Strangely presented by the states in question themselves. The five Nordic countries (Denmark, Sweden, Norway, Finland, Iceland) have presented a joint paper arguing that their system of government is both not especially socialistic, at least in a more communitarian sense, and is quite differentiable from the other welfare-state schemes from the continent. Instead, they claim that the Nordic system uses the state to empower, rather than limit, individual autonomy by taking over the host of traditional responsibilities and customs that have supposedly fettered its citizens. The Nordic countries claim that their system has produced a wholly atomized society, which:
liberate the individual citizen from all forms of subordination and dependency within the family and in civil society: the poor from charity, the workers from their employers, wives from their husbands, children from parents – and vice versa when the parents become elderly…legislation has made the Nordic countries into the least family-dependent and most individualized societies on the face of the earth.
I am still uncertain about the accuracy of this hypothesis, not to mention the desirability of this scenerio, but I found it all quite thought-provoking nonetheless. I am sure one of my co-bloggers, who was briefly quite involved in the Danish state-individual relationship for unrealized vocational ends, could shed some more light with specific examples.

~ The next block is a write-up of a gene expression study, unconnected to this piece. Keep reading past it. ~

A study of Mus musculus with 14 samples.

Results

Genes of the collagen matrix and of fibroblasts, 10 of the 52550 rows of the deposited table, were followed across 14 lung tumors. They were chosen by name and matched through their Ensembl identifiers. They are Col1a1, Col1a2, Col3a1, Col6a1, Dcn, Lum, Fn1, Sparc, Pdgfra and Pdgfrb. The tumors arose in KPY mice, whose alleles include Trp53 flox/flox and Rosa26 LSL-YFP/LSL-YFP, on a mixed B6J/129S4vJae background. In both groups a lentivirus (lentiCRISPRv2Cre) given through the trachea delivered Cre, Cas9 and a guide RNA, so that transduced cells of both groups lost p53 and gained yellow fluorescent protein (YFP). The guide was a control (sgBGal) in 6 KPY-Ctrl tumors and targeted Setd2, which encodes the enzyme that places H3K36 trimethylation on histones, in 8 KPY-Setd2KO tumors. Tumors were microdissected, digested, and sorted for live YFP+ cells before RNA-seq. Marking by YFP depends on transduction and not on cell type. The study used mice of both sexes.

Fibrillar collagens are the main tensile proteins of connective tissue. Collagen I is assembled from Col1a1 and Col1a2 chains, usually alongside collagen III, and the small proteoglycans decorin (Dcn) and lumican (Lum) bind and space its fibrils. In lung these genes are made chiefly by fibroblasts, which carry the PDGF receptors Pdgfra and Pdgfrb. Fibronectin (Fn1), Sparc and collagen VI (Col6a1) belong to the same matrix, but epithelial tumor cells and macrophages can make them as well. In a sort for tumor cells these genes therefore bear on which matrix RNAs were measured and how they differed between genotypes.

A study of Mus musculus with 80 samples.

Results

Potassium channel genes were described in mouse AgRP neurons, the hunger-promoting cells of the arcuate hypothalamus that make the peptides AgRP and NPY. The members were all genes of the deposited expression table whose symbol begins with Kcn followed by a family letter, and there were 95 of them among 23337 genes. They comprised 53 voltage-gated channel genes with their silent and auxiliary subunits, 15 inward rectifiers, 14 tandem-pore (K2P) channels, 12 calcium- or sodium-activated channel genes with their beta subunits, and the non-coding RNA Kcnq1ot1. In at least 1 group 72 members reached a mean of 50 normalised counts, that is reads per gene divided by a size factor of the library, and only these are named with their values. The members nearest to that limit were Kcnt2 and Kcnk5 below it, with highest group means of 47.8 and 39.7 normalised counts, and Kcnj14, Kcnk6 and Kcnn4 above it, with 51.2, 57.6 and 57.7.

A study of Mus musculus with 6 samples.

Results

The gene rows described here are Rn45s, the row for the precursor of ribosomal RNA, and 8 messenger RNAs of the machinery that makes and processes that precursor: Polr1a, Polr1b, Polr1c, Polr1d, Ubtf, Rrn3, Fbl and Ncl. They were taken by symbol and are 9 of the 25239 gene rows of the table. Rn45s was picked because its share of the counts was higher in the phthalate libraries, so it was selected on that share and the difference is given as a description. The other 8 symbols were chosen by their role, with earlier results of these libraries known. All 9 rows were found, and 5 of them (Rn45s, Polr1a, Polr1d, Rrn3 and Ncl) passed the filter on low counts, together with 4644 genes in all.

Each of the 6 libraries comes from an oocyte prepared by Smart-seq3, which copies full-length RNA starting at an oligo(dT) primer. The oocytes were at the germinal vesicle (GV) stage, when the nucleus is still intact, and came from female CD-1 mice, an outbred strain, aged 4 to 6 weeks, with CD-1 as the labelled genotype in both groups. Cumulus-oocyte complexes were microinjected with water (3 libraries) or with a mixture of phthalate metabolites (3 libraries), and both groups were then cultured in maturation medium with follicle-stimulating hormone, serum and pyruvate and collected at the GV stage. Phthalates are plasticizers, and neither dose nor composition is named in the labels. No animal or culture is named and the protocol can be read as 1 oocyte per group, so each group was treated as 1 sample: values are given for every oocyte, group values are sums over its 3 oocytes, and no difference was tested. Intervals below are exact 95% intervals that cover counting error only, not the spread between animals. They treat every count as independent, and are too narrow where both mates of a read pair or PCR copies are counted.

Also, the paper, in the course of explicating its stance, cites another article that proposed an awfully familiar-sounding system for political classification:
Finally, “The Nordic Way” cites a paper that compares Sweden to Germany and the United States, when considering the triangle formed by reverence for the Family, the State and the Individual. Americans favour a Family-Individual axis, this suggests, suspecting the state as a threat to liberty. Germans revere an axis connecting the family and the state, with a smaller role for individual autonomy. In the Nordic countries, they argue, the state and the individual form the dominant alliance.